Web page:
Coronavirus (COVID-19) and travel: The situation around the world is changing dramatically. Various governments have changed their travel warnings to restrict travel during this time. To understand how this may impact cover under your policy, please go to our FAQs and select your country of residence.
For the latest travel warnings and alerts around the world, read about lockdowns and border restrictions.
Germany's borders are open for travel from the EU, Schengen Area (Iceland, Liechtenstein, Norway and Switzerland), and the UK.
Entry to Germany is possible from the following third countries, based on the travelers’ location immediately prior to arriving in Germany, not their nationality: Australia, Canada, Georgia, New Zealand, Thailand, Tunisia and Uruguay. Travel from China, Japan and South Korea and is only possible if mutual entry is determined.
Travel without restrictions is only allowed if the area is not defined as "high-risk" by the Robert Koch Insitute (RKI).
Anyone who has spent 14 days before their arrival in an identified risk area is obliged to self-isolate in their own home or suitable accommodation for 14 days after arriving. Travelers from an identified risk area must do one of the following:
A negative test may end the 14-day self-isolation period, however some German states require a second negative test before granting an exemption from quarantine. Check the local advice first.
We are doing our best to keep this information up to date. For the latest information check Germany's Federal Police website.
It is mandatory to wear face masks on public transport, and while inside airports.
Bavaria's state premier announced on 21 April that Oktoberfest festival will not take place this year due to the COVID-19 pandemic.
A truck plowed into a crowded Christmas market in Breitscheidplatz, in the German capital Berlin, killing 12 people and injuring 56 others. The Iraqi Popular Mobilization Force has tweeted that the terror group ISIS was taking credit for the incident.
At least nine people are dead and a dozen wounded in what Munich police are describing as a suspected terrorist attack and a "shooting rampage" near the Olympia Shopping Center in the Moosach district.
As of this writing, no suspects are in custody - it's been reported there were possibly three attackers - and a massive manhunt is underway. A state of emergency has been declared and authorities are urging residents to not leave their homes. Train and bus service has been suspended and Munich's mainline railway station has been closed.
This is the second suspected terror attack in the Bavaria region this week. On Monday an axe and knife-wielding teenager injured a number of people on a train. He was eventually shot and killed by police.
If you are injured in a terrorist attack your medical costs and medical evacuation (if required) are covered by your policy.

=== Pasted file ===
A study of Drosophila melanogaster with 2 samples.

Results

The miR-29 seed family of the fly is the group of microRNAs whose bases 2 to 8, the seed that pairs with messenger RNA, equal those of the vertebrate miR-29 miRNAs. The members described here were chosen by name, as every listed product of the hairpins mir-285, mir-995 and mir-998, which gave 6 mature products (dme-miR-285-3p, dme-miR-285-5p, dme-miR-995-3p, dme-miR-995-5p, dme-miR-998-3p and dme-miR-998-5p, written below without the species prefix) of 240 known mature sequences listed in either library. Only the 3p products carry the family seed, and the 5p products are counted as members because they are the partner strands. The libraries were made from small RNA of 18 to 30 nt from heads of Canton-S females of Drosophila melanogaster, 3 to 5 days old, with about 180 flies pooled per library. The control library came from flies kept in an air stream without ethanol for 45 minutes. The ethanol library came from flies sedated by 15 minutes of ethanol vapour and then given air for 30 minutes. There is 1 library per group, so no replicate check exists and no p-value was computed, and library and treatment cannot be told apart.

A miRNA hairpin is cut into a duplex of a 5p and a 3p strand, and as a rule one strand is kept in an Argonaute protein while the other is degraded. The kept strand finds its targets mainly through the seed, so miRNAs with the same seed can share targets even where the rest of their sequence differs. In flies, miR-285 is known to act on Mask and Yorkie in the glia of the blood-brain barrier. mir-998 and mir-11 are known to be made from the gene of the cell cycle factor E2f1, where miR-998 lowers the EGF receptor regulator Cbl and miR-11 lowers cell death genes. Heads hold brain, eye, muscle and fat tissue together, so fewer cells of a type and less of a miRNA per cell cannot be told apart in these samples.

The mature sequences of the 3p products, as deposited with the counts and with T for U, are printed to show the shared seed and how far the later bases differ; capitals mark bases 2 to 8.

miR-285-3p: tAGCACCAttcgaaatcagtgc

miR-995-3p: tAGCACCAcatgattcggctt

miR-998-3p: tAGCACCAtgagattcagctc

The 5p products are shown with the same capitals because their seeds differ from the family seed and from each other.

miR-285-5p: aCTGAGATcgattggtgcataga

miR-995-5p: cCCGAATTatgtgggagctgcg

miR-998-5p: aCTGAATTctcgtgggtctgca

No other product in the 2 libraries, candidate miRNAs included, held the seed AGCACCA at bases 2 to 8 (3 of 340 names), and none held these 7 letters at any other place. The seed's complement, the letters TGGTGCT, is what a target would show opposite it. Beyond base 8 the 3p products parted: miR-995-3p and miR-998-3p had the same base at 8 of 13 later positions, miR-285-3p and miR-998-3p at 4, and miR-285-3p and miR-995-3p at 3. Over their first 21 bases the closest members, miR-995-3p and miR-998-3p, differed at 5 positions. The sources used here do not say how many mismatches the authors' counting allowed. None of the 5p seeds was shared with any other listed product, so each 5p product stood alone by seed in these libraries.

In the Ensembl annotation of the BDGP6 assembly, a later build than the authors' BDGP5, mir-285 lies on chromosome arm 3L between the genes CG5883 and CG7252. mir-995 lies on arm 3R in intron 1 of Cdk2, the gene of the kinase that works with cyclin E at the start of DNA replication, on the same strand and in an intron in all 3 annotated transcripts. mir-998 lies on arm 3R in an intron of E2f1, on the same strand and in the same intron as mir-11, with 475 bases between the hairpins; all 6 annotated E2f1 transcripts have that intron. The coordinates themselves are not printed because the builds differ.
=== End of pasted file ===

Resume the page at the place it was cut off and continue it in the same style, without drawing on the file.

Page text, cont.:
Access to the benefits of cancellation and trip interruption depends on your country of residence, so check out the information here. If you are a World Nomads policyholder check the wording on your policy. If you are not a World Nomads policyholder the policy wording is accessible after you get a quote (no obligation to purchase), but remember, you will not be covered for this incident if you purchase the policy after it has occurred, but you'll be covered for future unrelated events.
Anyone, policyholder or not, is welcome to call the customer assistance teams and discuss coverage.
In the meantime, World Nomads is urging travelers to retain perspective on terror events, and understand that the chance of being a victim is extremely small. In fact, you are statistically four times more likely to be hit by lightning.
Don't confuse the possibility of a terror attack with the probability of being involved in one.
Remember there are psychological reasons why you may feel uncertain about travel; we're more afraid of events that are gruesome, unpredictable and unfamiliar. We feel less fear about everyday dangers such as heart attack, auto accidents or skin cancer - all of which are much more likely to kill you.
However, there are actions you can take to further lessen the likelihood you will become a victim. These include carefully considering the security around large-scale, easily accessible, public events. If at all possible get yourself inside a secure area at any event. This may mean a ticketed event, or a secure area set up by organizers. Inside such an area, like being behind the security checkpoint at an airport, is the safest option.
Alternatively, if you stay in a publicly accessible area, stay away from the heaviest concentration of crowds, keep to the fringes where the sheer number of people presents less of a target and there is the option of making a quick escape if trouble should occur.